Vladimir Putin’s fear of Ukraine goes way beyond NATO: Russian critic
In the United States, some of Russian President Vladimir Putin’s useful idiots on the far right have echoed the Kremlin talking point that Putin had legitimate security concerns when he ordered Russian troops to invade Ukraine — that if Ukraine eventually joined the North Atlantic Treaty Organization (NATO), Russia’s security would be threatened. But according to software developer/techie Yevgeny Simkin, a Russian critic of Putin who now lives in Canada, Putin’s fear of Ukraine and President Volodymyr Zelensky goes way beyond NATO.
Simkin, in an article published by The Bulwark on March 15, explains, “Vladimir Putin’s stated concern about NATO is obviously a pretext, while his admission that he sees Ukraine as part of Russia and has a desire to reunite all the ex-Soviet states is entirely honest. This much is clear to pretty much everyone, or at least everyone outside of Russia.”
This is the Russia we\u2019ve known for a decade. Now it\u2019s on steroids that are themselves on steroids.https://twitter.com/nikorepi/status/1503096676575236098\u00a0\u2026— Julia Ioffe (@Julia Ioffe) 1647212792
According to Simkin — who was born in the former Soviet Union — Putin fears that if liberal democracy is a success in Ukraine, more and more people in Russia may want it as well.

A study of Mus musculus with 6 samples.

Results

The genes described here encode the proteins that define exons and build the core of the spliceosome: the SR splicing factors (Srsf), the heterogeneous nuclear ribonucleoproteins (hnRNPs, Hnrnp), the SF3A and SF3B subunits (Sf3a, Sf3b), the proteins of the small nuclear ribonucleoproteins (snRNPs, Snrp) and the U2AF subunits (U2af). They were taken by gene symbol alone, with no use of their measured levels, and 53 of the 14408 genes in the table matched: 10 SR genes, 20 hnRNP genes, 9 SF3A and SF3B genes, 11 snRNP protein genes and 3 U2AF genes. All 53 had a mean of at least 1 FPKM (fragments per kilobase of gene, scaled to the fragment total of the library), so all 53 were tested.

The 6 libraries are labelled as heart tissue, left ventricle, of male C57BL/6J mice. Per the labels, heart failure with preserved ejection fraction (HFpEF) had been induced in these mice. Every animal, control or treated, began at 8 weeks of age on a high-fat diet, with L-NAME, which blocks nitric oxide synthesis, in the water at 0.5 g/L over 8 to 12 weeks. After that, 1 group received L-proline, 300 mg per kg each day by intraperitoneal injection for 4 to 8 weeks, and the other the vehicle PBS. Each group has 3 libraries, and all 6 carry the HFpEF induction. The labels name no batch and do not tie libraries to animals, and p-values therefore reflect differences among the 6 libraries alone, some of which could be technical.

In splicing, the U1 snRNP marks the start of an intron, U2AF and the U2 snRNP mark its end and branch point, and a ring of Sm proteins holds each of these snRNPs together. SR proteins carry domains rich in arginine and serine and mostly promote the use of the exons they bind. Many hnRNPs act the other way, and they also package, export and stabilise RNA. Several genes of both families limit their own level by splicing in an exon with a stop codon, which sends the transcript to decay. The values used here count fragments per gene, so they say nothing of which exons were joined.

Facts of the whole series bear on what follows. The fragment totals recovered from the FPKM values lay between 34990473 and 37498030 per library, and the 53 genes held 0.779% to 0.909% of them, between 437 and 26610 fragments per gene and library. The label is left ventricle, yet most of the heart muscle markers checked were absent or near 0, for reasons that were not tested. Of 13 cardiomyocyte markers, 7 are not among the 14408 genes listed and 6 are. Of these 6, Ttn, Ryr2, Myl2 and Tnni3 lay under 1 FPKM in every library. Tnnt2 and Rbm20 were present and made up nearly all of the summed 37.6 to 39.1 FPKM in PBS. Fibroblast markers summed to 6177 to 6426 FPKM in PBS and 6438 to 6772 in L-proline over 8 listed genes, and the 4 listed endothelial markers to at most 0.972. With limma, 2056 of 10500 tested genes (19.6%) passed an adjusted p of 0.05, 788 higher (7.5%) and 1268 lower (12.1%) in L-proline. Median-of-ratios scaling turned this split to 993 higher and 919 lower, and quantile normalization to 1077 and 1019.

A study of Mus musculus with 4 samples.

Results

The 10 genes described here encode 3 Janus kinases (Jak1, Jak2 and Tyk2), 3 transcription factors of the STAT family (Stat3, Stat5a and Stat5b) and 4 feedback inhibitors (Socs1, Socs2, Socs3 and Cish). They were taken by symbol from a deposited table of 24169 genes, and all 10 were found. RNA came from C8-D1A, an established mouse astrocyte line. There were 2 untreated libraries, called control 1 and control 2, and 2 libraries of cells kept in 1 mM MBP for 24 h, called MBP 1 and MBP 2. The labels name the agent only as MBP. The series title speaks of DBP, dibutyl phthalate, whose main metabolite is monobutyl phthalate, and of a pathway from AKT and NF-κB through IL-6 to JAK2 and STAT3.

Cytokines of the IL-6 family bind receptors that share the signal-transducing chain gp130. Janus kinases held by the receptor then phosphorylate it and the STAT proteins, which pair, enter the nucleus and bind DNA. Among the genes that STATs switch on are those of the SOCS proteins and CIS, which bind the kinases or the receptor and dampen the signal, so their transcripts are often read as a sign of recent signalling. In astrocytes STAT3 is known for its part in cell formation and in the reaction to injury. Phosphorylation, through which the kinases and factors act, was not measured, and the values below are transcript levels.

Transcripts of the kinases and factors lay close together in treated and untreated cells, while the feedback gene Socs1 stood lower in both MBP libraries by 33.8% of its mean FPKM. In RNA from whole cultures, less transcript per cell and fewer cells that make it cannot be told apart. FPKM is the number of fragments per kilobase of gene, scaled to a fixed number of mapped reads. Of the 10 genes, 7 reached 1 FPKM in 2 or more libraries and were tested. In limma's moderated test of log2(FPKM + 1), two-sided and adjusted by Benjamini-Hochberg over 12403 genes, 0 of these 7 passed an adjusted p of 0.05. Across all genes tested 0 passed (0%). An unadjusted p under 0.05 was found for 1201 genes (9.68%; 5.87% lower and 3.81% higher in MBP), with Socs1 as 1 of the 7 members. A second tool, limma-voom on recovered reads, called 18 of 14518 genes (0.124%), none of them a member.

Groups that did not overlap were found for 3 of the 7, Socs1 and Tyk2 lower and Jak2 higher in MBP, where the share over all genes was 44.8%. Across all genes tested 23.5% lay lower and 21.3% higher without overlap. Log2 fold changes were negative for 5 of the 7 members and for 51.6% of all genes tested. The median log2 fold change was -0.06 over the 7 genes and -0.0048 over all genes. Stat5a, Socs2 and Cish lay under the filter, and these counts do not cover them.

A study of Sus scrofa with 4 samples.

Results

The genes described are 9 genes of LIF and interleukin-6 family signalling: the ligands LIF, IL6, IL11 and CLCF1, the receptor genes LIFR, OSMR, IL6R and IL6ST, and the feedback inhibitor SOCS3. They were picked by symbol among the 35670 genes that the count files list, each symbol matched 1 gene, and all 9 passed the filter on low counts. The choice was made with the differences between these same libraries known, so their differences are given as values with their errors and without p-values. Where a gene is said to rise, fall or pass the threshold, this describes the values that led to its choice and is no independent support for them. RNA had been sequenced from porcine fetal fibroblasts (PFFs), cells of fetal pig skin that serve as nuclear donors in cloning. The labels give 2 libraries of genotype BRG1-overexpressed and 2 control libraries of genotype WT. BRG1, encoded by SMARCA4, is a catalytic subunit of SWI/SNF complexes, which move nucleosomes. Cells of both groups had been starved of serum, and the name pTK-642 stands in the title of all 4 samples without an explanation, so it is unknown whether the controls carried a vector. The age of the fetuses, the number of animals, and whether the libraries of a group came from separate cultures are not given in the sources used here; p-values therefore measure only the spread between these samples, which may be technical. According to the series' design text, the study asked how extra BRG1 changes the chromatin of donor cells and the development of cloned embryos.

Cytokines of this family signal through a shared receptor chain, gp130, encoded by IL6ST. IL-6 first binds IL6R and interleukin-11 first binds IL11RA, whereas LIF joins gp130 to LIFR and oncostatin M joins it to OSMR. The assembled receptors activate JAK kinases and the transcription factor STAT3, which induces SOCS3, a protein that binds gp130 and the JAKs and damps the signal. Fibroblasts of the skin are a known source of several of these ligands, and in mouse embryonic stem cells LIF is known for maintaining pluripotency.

“Putin’s control of the Russian government is firm, but his hold over the Russian population is somewhat tenuous,” Simkin observes. “There have been waves of protests over the years, and Russians aren’t getting the life they feel they deserve or were promised. Putin has been squeezing the media tighter and tighter around his claims of western aggression, but the popularity of figures such as Aleksei Navalny proves that Putin’s not far from having the Russian people turn against him.”
Putin feels threatened by Zelensky and the Ukrainian democracy, according to Simkin, because he isn’t a puppet of the Kremlin. For many years, Simkin writes, Russia and Ukraine “had one strongman after another robbing the nation blind and subjugating the people.” But that was before “the young people of Ukraine had enough” and “managed to overthrow Putin’s puppet and elect someone with eyes squarely on the West.”
“If the Ukrainians can turn their nation into a prosperous, liberal, capitalist state,” Simkin observes, “then the blame for Russia not being capable of the same falls squarely at Putin’s feet. All of which leads me to believe that Putin didn’t miscalculate on Ukraine. Maybe he didn’t judge the relative strength of the armed forces properly or have a good plan of attack. But on the basic question: To subjugate or not subjugate? Here, Putin had no choice. He had to take back because Ukraine was making massive strides to becoming a democratic success story.”